The presidential inauguration is less than a month away and the NPR social media desk is kicking it into high-gear to figure out how we can get all of you involved in our inauguration coverage. We're also looking for some techies who can help make it happen.
After our successful VoteReport experiment last month, in which we work with bloggers around the country and invited the public to submit reports on their voting experiences, we're hoping to do something similar for the inauguration. Some of our partners in the VoteReport project, including Dave Troy of Twittervision and mapping guru Andrew Turner, are volunteering again to help re-purpose the VoteReport tools for the inauguration. We've also got some new folks involved, including American University journalism professor David Johnson, and I'm sure others will come on board in the coming days and weeks.
Among the things we've got in mind:
Inauguration '09 citizen journalism iPhone app. Dave and his colleagues created an awesome iPhone app for VoteReport that allowed users to post audio and text reports online and have them plotted on maps, using the iPhone's GPS capability. We're thinking of adding on to this app so that it could also allow users to attach inauguration-related photos or perhaps even short video clips. One idea that was also suggested was to allow an iPhone user to save their reports on their phone and post them later, in case AT&T's data networks are jammed on January 20th. We're also thinking of giving users the ability to submit their email and phone number so NPR reporters can contact them in case we want to use their audio in one of our stories.
Mobcasting. During VoteReport, Dave set up a bank of telephone lines that allowed users to call in and record a voicemail about their voting experiences and have it posted for all to hear online. Given that not everyone participating in inauguration festivities will have iPhones, we want to do what we can to make sure that any phone line could be used by you to file a report from the field.
Twitter and tags. Many of our VoteReport participants used Twitter as their primary method of sending in reports, and we expect that to be the case for the inauguration. We're planning to track all Tweets that are tagged either #dctrip09 (for people road-tripping to DC) or #inaug09 (for Inauguration Day itself). We'll then be able to display all the tweets as they come in. People can also use these tags when they upload to sites like Flickr, YouTube, etc, so we can aggregate that content as well. (Though you shouldn't use the # sign when tagging on Flickr or YouTube - that's just a quirk of tagging on Twitter.) Of course, we'll have to encourage people to use those tags in order for them to work, so we'll need your help getting the word out.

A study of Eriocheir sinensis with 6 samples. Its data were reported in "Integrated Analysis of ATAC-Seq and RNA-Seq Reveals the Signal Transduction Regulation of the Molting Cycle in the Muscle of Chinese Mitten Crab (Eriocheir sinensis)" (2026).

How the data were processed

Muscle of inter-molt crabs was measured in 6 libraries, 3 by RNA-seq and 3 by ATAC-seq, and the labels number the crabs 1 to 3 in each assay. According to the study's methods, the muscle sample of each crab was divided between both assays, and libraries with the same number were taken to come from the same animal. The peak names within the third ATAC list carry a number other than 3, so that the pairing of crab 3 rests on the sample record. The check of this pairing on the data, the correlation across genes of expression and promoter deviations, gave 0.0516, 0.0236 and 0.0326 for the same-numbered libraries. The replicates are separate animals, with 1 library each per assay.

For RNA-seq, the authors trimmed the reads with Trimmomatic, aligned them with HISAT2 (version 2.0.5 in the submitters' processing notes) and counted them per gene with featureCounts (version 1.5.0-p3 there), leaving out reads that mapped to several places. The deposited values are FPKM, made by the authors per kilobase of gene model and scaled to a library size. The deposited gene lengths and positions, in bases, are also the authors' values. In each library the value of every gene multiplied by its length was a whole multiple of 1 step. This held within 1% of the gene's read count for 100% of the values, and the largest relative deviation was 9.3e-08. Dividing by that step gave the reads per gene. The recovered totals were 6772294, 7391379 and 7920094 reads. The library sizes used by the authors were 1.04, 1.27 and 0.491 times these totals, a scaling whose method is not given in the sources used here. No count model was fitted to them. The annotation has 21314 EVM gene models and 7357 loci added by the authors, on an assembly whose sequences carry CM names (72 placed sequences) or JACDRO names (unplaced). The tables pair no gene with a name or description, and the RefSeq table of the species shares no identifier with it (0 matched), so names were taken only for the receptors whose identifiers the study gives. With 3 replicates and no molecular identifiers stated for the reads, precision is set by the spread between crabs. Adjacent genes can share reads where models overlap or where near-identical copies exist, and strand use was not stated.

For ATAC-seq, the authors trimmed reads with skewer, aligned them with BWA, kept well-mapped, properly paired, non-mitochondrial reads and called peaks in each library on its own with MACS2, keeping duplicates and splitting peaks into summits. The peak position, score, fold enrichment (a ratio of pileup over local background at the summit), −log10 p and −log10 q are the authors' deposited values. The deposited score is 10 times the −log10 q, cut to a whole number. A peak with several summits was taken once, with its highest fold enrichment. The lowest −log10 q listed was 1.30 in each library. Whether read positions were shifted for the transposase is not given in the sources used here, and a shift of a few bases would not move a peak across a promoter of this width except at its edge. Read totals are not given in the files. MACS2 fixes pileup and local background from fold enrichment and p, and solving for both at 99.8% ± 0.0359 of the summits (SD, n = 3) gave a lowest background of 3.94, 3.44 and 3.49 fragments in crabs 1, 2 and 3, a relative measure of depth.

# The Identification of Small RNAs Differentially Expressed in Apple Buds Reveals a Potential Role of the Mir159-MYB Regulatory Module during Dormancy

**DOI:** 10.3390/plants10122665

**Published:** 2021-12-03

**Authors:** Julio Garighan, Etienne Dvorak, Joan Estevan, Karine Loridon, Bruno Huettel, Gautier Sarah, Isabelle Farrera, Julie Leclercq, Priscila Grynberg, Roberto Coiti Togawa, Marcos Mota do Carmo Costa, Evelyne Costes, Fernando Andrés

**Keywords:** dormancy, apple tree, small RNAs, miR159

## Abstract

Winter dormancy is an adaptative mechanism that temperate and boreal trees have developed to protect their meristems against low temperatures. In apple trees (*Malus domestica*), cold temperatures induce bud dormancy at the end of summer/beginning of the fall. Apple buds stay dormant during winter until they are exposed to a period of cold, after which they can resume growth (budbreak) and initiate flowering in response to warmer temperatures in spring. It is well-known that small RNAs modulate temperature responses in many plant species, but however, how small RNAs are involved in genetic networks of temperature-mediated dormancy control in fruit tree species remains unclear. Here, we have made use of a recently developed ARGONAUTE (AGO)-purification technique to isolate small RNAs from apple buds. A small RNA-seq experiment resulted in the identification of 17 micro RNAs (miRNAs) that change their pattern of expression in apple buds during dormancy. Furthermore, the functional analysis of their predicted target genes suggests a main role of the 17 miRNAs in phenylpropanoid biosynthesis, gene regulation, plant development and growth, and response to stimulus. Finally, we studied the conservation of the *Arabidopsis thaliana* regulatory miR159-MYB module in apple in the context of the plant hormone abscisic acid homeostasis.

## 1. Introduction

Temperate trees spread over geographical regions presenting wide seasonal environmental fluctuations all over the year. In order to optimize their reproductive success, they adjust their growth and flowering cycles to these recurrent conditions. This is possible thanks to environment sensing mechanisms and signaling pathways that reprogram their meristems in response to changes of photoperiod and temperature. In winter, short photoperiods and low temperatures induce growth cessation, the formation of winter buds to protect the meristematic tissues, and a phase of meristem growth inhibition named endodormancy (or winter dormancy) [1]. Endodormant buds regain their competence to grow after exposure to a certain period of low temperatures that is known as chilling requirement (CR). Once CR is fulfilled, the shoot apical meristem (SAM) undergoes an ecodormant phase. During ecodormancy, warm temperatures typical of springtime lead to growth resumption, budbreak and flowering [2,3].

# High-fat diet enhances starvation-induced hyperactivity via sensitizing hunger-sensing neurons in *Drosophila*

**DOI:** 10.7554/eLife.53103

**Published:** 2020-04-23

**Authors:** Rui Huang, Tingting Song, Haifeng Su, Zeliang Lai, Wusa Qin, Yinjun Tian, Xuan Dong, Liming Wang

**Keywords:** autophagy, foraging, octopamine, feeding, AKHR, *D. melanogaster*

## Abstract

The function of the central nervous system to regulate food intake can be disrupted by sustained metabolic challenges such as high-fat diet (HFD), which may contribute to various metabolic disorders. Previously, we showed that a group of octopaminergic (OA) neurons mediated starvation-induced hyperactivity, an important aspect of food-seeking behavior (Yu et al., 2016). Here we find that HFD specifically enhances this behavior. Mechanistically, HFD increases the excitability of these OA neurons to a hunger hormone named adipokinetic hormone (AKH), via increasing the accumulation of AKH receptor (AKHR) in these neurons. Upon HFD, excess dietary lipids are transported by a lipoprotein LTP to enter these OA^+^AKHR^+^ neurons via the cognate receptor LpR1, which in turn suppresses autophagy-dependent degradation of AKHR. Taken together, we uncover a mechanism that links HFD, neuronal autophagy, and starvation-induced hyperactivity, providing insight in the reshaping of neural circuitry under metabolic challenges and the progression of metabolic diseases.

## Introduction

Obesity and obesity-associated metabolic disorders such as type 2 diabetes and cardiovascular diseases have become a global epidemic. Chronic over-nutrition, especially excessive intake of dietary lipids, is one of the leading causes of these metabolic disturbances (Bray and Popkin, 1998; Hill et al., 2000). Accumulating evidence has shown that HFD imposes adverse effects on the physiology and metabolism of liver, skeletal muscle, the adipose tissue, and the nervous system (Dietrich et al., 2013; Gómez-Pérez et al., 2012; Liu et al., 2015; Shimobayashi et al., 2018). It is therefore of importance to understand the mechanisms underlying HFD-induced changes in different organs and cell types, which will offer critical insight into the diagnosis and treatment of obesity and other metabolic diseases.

Texting. For people who want to send a text message but don't have Twitter, we hope to have an SMS shortcode available. Fingers crossed.
Maps, maps, maps. Thanks to the hard work of Andrew, Dave and others during VoteReport, we managed to pull together some pretty snazzy maps of all of this user-generated content as it came in. We plan to do the same for the inauguration, particularly in the week leading up to it, so we can track content submissions from people all over the country as they make their way to DC. One thing I'm hoping we can pull off is tapping into all those users with iPhones, since the GPS capability will make it possible to plot each person's route, see how far they've traveled and explore what they've uploaded. For January 20th itself, we're thinking about setting up a hyperlocal map of DC itself, so you can observe everyone's submissions over the course of the day, no matter where they happen to be around the National Mall. This might be the toughest thing to do in the project, particularly for content that's not submitted with GPS metadata. (Using zip codes as geolocators, for example, won't work to well when zoomed in at the street level.) So we may put together a series of DC-specific tags (#ellipse, #washmonument, #lincolnmemorial, #airandspace, etc) to make it easier to identify who's doing what where. Journalism students from American University will also be volunteering to cover the inauguration throughout the city, so we'll be highlighting their activities on the map as well.
Of course, all of this is going to be one big, messy experiment, particularly given the fact that many mobile network providers are forecasting serious congestion and possible outages due to the huge numbers of people using their phones simultaneously. Nonetheless, we think it's worth the effort, given how many people are planning to be involved in the inauguration. There are going to be lots of stories to tell that week, and we want to give you the tools to help share those stories.
As for everyone else reading this post, we'd love your feedback. Does this seem like a worthwhile effort? Is there anything you liked or disliked about VoteReport that we should take into consideration? Are there any specific features or requirements we should try to work into the project? Please let us know what you think.